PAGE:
Sunday, April 20, 2014
We all know how a bill becomes a law, but when it comes to bond issues in Maine, there is a new step that's not in the civics text.
Gov. Paul LePage has refused to issue bonds approved by the state's voters, a frustrating situation for the Land for Maine's Future Board. Several land acquisitions are in jeopardy along with the federal matching funds that could expire.
File photo/The Associated Press
First, people come to state government with an idea for a bond, then the Legislature turns it into legal language, debates it and votes.
If it gets more than two-thirds support in both houses, it goes to the governor, who can sign it or veto it. If he vetoes, the Legislature can override with two-thirds votes in both houses.
Then it goes to the voters. If more than half of them say "yes," the bonds are sold and the program is funded, right? Wrong.
These days, there is another step, in which the governor decides if he feels like issuing the bonds and sits on them until he's ready. He doesn't have to honor the voters' opinion; he doesn't have to give a reason. According to Gov. LePage, he can just sit on the bonds until they expire in 2015, although his spokeswoman says he'll probably act sooner.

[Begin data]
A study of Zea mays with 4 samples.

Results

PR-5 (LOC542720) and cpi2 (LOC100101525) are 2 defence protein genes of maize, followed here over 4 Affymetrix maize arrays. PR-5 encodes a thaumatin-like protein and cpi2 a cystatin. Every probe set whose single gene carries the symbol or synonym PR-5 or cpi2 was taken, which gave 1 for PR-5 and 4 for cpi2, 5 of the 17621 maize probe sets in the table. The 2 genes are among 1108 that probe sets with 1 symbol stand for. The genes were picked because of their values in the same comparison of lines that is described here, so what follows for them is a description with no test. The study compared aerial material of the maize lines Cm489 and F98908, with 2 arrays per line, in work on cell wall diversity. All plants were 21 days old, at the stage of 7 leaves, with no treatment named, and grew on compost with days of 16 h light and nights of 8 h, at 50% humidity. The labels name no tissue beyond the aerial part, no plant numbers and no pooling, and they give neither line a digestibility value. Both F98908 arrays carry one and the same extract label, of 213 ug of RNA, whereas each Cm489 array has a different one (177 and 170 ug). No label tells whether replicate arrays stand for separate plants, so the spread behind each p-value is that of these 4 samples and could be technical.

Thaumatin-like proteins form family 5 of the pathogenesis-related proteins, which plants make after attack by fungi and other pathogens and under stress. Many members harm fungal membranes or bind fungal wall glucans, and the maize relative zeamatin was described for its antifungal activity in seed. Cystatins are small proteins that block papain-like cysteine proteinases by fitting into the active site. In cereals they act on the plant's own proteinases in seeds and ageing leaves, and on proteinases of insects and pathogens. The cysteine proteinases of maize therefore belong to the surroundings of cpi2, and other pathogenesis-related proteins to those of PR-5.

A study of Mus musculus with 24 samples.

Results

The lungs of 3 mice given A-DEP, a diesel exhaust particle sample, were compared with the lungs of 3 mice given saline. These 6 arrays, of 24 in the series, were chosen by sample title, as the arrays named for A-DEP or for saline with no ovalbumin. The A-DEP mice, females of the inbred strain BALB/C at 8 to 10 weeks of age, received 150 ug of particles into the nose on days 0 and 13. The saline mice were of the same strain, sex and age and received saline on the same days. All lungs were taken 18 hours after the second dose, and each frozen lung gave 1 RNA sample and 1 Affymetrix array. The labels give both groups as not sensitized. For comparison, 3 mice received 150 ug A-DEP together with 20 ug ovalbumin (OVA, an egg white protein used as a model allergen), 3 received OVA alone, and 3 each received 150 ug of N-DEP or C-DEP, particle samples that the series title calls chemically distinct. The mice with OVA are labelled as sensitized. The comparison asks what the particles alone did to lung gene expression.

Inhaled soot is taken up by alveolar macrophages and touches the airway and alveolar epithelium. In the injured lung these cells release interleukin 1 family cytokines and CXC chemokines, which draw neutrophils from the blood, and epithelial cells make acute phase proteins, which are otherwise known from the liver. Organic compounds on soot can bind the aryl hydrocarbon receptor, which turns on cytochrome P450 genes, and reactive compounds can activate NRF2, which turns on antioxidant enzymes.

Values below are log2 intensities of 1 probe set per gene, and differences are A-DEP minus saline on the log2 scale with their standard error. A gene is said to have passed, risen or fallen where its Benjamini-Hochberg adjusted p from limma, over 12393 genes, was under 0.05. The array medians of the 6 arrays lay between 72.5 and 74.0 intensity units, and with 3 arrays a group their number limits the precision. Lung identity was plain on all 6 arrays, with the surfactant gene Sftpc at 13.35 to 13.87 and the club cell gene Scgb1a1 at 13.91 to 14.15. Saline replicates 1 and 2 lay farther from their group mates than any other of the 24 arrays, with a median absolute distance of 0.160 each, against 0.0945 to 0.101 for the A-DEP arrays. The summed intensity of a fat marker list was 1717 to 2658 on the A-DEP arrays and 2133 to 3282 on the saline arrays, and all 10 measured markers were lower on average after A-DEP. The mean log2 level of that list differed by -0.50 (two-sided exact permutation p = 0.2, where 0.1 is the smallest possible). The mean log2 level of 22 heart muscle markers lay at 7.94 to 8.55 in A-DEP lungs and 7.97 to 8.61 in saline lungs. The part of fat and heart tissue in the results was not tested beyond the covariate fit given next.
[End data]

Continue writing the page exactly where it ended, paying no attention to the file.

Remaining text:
This is the frustrating situation that the Land for Maine's Future Board faces, and several land acquisitions are in jeopardy along with the federal matching funds that could expire. Board members plan to appeal to the governor, hoping he will relent.
And he should. First, this program is a good use of the state's bonding capacity. Maine is a place rich in natural beauty and unspoiled environments. This is not only a treasure for the people who live here, but also a key feature in the way that the state markets itself to visitors and people who might want to move here.
But the state also has one of the lowest rates of public land ownership in the nation and needs to preserve its assets. It is shortsighted to miss the opportunity to preserve the special places when we can. Especially when that can be done in partnership with the federal government, or with nonprofit land trusts.
But even if this wasn't such a good idea, the governor should issue the bonds, anyway. Bond issues move through the Legislature and many players have a chance to influence them, both in the size of the bond and what the money would be used for. Only the governor has the power to veto the bond before it's sent to the voters.
But the voters should have the last word. Once they say "yes," the governor's role should turn from the decider to the guy who makes it happen. It really shouldn't matter whether he agrees with the voters' decision.
In a democracy, ultimately the people are the boss.